COVID-19: Countries around the world are reopening their schools. This is what it looks like
Written by Melissa Wiley
- Coronavirus lockdown measures have partially or fully closed schools for more than 90% of the world’s student population across 186 countries and territories, according to UNESCO.
- After closing schools to prevent the spread of the coronavirus, a handful of countries like Denmark and Japan have started reopening them.
- New safety measures range from keeping windows open for ventilation to spacing desks six feet apart and resuming classes for students of a certain age.
- Here’s a look at some countries and provinces that have reopened schools so far.
Some schools in China began reopening in March, though many remain closed.
In late January, China instituted a lockdown for the 11 million residents of Wuhan, where the novel coronavirus outbreak originated. Fifteen other cities soon followed, and at its peak, China’s quarantine extended to 20 provinces and regions, according to the Wall Street Journal. Due to lockdown measures, some 200 million students transitioned to online learning in February, the Washington Post reported.
While schools in nine mainland provinces had reopened for graduating students as of early April, according to the South China Morning Post, UNESCO’s data shows that most schools remain closed in larger regions. High school seniors in Beijing, Shanghai, and Guangzhou only just returned to school on April 27 to prepare for their college entrance exams.
BBC reported that China’s Ministry of Education is requiring that students have their temperatures checked at school entrances and that they display a “green” code of health via China’s smartphone health code program.
Taiwan reopened schools on February 25 after extending winter break by ten days.
After learning of the coronavirus outbreak, Taiwan took swift action to contain its spread.
Taiwan never officially closed schools but did extend winter break by 10 days in February in order to disinfect education facilities, distribute medical supplies, and implement new procedures for schools with confirmed coronavirus cases.
Schools in Japan reopened in early April for the new school year.
On February 27, Prime Minister Shinzo Abe urged elementary, middle, and high schools across Japan to close beginning March 2 until the start of the new school year in early April to prevent the spread of the virus.
On March 24, Japan announced that it would not extend its school closure recommendation, leaving the decision of when and whether or not to reopen to local municipalities based on the number of coronavirus cases in the area. The Ministry of Health also released guidelines for school reopening which include opening windows to ventilate classrooms, maintaining physical distance, checking temperatures daily, and wearing face masks.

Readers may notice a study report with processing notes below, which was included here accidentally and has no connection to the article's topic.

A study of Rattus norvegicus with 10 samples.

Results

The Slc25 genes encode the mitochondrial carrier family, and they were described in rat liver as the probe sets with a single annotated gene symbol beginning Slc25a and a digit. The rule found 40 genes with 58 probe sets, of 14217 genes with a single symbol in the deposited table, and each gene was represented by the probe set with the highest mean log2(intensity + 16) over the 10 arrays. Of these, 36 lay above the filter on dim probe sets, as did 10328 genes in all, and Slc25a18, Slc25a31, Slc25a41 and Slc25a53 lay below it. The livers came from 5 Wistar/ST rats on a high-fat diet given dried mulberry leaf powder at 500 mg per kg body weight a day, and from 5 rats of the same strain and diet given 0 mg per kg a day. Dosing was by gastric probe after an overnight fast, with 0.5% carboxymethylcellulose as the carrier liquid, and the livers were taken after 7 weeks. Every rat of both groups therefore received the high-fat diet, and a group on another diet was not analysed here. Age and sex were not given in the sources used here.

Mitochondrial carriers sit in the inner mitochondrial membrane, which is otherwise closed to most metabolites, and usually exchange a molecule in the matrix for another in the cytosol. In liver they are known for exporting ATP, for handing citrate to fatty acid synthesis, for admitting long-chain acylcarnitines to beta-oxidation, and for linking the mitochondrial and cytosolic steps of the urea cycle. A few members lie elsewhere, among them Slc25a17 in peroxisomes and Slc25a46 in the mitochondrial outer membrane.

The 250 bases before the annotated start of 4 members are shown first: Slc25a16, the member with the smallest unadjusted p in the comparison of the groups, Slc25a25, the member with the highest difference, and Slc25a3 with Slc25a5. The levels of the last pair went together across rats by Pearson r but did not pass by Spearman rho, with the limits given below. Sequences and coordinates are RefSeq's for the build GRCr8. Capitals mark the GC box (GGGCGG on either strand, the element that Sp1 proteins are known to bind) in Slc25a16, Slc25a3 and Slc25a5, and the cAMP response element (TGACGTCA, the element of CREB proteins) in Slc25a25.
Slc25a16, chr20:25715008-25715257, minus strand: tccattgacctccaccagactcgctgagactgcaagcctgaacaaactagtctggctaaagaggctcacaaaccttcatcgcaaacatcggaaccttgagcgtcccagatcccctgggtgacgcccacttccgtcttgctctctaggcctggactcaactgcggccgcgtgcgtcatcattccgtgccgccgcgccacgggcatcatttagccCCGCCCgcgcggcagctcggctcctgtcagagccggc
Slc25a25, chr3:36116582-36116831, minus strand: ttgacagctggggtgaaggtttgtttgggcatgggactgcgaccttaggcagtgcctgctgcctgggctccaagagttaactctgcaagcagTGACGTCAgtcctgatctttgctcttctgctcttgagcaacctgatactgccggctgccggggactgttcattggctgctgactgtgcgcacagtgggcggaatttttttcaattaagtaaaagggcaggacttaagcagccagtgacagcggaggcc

“The circumstances of each area is different, and it will be much more effective to judge based on the actual ground situation rather than dictating a policy measure nationwide,” Education Minister Koichi Hagiuda told the Straits Times.
To date, about 40% of schools have reopened, according to UNESCO.
This could be due in part to the national state of emergency that Abe announced on April 16 following a rise in new infections. The state of emergency gives leaders of Japan’s 47 prefectures, or administrative regions, the authority to request school closures and ask residents to stay home. Abe has indicated that he will extend the state of emergency past its May 6 expiration date, Bloomberg reported.
On April 15, Denmark became the first European country on lockdown to reopen its schools, beginning with children in daycare and grades 1 through 5.
Denmark announced its first lockdown measures on March 11 before the country reported any coronavirus deaths and closed schools on March 16. For the time being, high schools and universities remain closed.
Norway began reopening its kindergartens on April 20, followed by primary schools for children in grades 1 through 4 on April 27.
“Together we have taken control of the virus, therefore we can open up society little by little,” Prime Minister Erna Solberg said during a news conference in early April.
To encourage social distancing, the government has urged schools to divide classes into groups of no more than 15 and have children wash their desks daily, among other precautions. Upper schools and universities remain closed until further notice.
Germany reopened high schools on April 20 to high school seniors.
Select high schools across Germany reopened earlier this month so that seniors could take their final exams.
Most schools and daycares across Germany’s 16 states have been closed since mid-March during which time the country has achieved “fragile intermediate success” in reducing the spread of the virus, Chancellor Angela Merkel said earlier this month.
As part of Germany’s plan to gradually lift its lockdown following, Merkel recommended that schools begin the process of reopening on May 4, giving priority to graduating students.